The Deadly Bucket

In 2014, members of the New England Aquarium Marine Animal Rescue Team release 31 rescued and rehabilitated sea turtles at Little Talbot Island in Florida, U.S.A. © ESTHER HORVATH

In 2014, members of the New England Aquarium Marine Animal Rescue Team release 31 rescued and rehabilitated sea turtles at Little Talbot Island in Florida, U.S.A. © ESTHER HORVATH

By ESTHER HORVATH

Where Cape Cod juts into the Atlantic Ocean from the east coast of the United States, it forms Cape Cod Bay and the southern end of Massachusetts Bay. The area, which bears the grim moniker “the Deadly Bucket,” is the site of the world’s largest recurring sea turtle stranding phenomenon. Each year, primarily between October and January, hundreds of mostly juvenile turtles wash ashore weak and often dead as a result of cold stunning. Cold stunning is the state that turtles enter when they are exposed to cold water for a prolonged period—characterized by a slowed heart rate, decreased circulation, and lethargy that can lead to shock, pneumonia, and even death. Of the afflicted turtles found in Cape Cod, 85 percent are young Kemp’s ridleys, which are considered critically endangered by the International Union for Conservation of Nature.

The staff of Massachusetts Audubon Society’s Wellfleet Bay Wildlife Sanctuary has been rescuing stranded sea turtles on Cape Cod since the 1970s. Robert Prescott, the sanctuary’s director, began the project in 1974 after seeing his first stranded Kemp’s ridley. Today, sanctuary staff members and volunteers walk the beaches twice daily after high tide, searching for victims of cold stunning. “Our work is like a life-saving crew’s,” said Prescott. “If the turtle is alive, you have to go and get it. Each turtle counts. We never leave a live turtle on the beach, no matter what the conditions are.”

In 2014, more than 1,400 sea turtles were stranded in Cape Cod Bay, exceeding all records. In fall 2015, more than 580 turtles had already been rescued, and that number will increase as the cold season continues. According to Prescott, researchers still do not know the cause of the higher number of strandings, but it could be the result of an increase in the global population of Kemp’s ridleys.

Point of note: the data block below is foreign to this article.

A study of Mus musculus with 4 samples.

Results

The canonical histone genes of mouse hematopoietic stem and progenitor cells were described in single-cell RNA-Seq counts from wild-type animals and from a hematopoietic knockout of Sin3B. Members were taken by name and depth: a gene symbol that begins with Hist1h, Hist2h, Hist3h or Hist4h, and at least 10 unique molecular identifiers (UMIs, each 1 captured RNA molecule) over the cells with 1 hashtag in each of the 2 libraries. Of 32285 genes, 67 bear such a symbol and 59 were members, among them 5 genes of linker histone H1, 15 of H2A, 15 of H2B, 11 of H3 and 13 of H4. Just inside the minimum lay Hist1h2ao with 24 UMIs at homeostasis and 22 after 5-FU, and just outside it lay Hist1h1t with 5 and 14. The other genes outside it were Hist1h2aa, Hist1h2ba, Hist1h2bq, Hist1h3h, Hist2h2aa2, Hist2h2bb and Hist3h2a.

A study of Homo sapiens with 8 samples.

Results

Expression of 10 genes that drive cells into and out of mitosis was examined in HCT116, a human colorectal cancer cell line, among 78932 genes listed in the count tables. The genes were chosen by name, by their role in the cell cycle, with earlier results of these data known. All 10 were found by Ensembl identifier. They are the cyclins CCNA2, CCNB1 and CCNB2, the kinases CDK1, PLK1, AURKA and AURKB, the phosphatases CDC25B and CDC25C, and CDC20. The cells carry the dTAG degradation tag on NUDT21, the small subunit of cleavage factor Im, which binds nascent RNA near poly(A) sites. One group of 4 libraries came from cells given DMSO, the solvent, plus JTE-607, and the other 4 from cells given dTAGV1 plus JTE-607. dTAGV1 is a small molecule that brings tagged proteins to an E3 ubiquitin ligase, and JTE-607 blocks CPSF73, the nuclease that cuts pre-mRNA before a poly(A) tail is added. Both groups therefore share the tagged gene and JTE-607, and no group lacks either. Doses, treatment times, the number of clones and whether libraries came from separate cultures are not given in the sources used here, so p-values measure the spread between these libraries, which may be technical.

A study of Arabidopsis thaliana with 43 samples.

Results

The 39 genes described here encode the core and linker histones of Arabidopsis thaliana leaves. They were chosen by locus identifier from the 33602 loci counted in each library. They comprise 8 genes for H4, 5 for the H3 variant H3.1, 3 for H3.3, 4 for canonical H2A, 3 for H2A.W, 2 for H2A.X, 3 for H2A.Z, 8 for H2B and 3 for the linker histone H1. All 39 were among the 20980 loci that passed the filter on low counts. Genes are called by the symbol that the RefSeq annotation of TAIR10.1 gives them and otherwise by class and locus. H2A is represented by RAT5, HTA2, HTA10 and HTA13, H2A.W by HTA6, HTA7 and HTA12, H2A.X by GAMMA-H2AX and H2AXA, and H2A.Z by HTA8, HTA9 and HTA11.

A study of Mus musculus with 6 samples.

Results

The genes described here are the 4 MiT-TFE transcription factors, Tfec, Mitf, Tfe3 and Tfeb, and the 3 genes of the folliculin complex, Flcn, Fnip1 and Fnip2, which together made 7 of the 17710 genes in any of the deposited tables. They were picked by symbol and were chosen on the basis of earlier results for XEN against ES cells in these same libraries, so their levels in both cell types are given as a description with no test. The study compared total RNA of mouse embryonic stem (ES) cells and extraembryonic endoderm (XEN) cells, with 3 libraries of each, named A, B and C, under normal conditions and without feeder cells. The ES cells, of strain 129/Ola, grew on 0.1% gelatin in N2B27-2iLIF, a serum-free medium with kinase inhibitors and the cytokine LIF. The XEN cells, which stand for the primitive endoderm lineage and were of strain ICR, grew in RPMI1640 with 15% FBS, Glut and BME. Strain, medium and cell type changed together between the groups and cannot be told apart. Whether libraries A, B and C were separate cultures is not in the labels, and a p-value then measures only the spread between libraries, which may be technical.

Extreme weather is the main cause of the cold stunning and stranding. As the turtles attempt to migrate south to warmer waters, they become trapped in Cape Cod’s hook-shaped landmass. When water temperatures drop to 50 °F (10 °C), they become cold stunned (hypothermic) and immobilized at the surface. High winds, coupled with extreme tides, often push the turtles closer to shore, leaving them stranded when the tide falls.

Sanctuary staff members often report injuries such as entanglement in fishing lines and boat strikes, which may result from the turtles’ prolonged stunned condition. Once the sanctuary staff members find and rescue the stranded turtles, they transport them to the New England Aquarium in Boston. There the Marine Animal Rescue Team’s experts warm the turtles, treat their injuries, and rehabilitate them. The rescuers then release the survivors back into the ocean when the waters have warmed.

“We provide the highest quality care to sick or injured sea turtles with the goal of releasing every turtle back into the ocean,” says Connie Merigo, senior biologist of the Marine Animal Rescue Team. The team also sees its work as important for global education and conservation efforts. The team has successfully released 1,400 sea turtles in the past 20 years, about 1,200 of which were Kemp’s ridleys.